What's better for toddlers and preschoolers? Spending their early years with mom as the primary caregiver, or regularly attending a daycare center? Which environment offers more intellectual, emotional and social stimulation? Will making the wrong choice damage your child forever?
Early Childhood Matters — But One Environment Isn't Necessarily Better Than Another
The NICHD Study of early child care and Youth Development followed over 1,000 children from birth through high school. The participants were ethnically and demographically diverse. During the first two years of a child's life, most non-maternal childcare took place in a home environment with relatives or home-based childcare facilities. After age two, childcare tended to be center-based.
There is no doubt that culture shapes people's opinions on early childcare. Some conclude that center-based childcare is essential for a child's social development, while others hold that young kids belong with mom.
The quality and quantity of any non-maternal childcare mattered somewhat, but not in a very significant way. The study concluded that kids who had high-quality non-maternal childcare in their first four and a half years had slightly better language and cognitive development, and were also a little more co-operative.
Those kids who spent more than 30 hours a week in childcare had somewhat more behavioral problems in Kindergarten than those who spent less time in childcare. Kids whose childcare was center-based had better academic skills than those whose childcare was not center-based. A child's home life was found to provide much more significant information about his development than any childcare arrangements.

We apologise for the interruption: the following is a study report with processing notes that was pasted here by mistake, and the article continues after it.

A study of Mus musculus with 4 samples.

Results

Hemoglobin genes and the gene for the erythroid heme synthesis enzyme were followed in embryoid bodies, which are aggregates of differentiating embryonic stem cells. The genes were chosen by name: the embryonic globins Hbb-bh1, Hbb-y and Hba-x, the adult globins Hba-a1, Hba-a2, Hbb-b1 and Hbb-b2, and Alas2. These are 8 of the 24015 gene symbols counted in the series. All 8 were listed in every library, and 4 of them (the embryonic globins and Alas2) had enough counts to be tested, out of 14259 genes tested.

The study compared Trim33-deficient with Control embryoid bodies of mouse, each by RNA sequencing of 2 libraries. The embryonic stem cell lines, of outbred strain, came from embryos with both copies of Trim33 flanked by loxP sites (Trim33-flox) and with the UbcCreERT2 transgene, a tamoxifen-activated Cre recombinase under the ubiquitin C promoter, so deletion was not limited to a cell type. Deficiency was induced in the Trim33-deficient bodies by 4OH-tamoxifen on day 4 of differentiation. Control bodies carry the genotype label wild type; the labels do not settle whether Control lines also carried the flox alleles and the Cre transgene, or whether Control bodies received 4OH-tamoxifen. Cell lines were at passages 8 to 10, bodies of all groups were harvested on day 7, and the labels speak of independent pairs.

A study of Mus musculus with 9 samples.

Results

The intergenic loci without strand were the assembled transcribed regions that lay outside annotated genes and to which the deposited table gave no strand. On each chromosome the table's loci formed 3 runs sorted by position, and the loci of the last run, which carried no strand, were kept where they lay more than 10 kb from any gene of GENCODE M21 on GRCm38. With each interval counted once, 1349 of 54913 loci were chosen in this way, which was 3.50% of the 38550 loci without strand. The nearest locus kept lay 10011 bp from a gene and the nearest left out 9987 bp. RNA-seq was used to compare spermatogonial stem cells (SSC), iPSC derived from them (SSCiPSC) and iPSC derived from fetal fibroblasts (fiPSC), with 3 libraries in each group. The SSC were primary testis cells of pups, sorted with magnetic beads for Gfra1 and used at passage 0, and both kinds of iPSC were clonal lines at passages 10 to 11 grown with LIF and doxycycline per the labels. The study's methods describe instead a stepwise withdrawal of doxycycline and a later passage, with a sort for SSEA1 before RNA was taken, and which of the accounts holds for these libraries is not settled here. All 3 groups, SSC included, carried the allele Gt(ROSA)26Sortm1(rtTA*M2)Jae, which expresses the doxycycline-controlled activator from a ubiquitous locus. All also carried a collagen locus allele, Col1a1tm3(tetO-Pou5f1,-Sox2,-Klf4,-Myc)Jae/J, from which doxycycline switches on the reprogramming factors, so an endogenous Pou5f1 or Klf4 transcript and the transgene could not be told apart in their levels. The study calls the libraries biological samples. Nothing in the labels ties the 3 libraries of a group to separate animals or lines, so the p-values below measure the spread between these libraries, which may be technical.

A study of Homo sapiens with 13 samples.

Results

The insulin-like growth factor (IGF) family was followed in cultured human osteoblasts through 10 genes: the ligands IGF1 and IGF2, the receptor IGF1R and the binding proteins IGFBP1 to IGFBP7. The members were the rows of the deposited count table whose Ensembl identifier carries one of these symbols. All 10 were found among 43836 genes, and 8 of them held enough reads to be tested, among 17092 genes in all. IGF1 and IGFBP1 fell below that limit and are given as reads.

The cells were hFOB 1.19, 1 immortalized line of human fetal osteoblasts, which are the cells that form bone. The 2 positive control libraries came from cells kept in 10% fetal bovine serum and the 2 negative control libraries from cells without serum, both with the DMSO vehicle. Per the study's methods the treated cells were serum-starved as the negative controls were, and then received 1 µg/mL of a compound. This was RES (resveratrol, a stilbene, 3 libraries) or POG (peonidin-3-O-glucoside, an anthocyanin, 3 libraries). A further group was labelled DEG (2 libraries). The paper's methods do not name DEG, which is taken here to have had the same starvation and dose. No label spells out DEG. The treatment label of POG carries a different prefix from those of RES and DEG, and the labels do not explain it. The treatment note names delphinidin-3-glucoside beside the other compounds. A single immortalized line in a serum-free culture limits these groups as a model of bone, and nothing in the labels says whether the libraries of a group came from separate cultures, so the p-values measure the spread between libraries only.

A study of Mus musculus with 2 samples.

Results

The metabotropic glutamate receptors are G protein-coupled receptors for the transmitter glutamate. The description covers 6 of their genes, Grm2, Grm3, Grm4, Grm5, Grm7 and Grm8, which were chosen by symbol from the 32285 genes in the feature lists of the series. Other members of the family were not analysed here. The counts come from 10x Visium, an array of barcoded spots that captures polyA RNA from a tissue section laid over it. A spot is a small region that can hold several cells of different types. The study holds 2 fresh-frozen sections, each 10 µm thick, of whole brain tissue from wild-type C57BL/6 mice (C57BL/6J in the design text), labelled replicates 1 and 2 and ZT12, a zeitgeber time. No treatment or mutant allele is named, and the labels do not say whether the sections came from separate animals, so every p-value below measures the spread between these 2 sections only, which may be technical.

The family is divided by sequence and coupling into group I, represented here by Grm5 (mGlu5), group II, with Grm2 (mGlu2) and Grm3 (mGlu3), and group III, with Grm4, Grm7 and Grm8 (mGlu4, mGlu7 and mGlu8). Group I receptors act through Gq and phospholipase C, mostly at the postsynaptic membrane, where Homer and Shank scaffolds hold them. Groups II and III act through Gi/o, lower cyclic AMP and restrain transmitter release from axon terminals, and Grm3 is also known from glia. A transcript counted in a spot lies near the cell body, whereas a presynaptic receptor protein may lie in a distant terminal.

Harmonious, supportive and intellectually stimulating homes were found to help children thrive regardless of whether they also spent time on non-maternal childcare. No surprise there, right?
The only aspect of this study that might get some people up in arms is that being cared for by daddy was described as "childcare". While I respectfully disagree that spending time with dad amounts to childcare, we also have to acknowledge that daddy care is (still) not the norm. I think the main thing we can take away from this study is that any high-quality care helps kids thrive. Of course, neglectful care is harmful whether it's provided in a daycare center, by a nanny, or by moms and dads.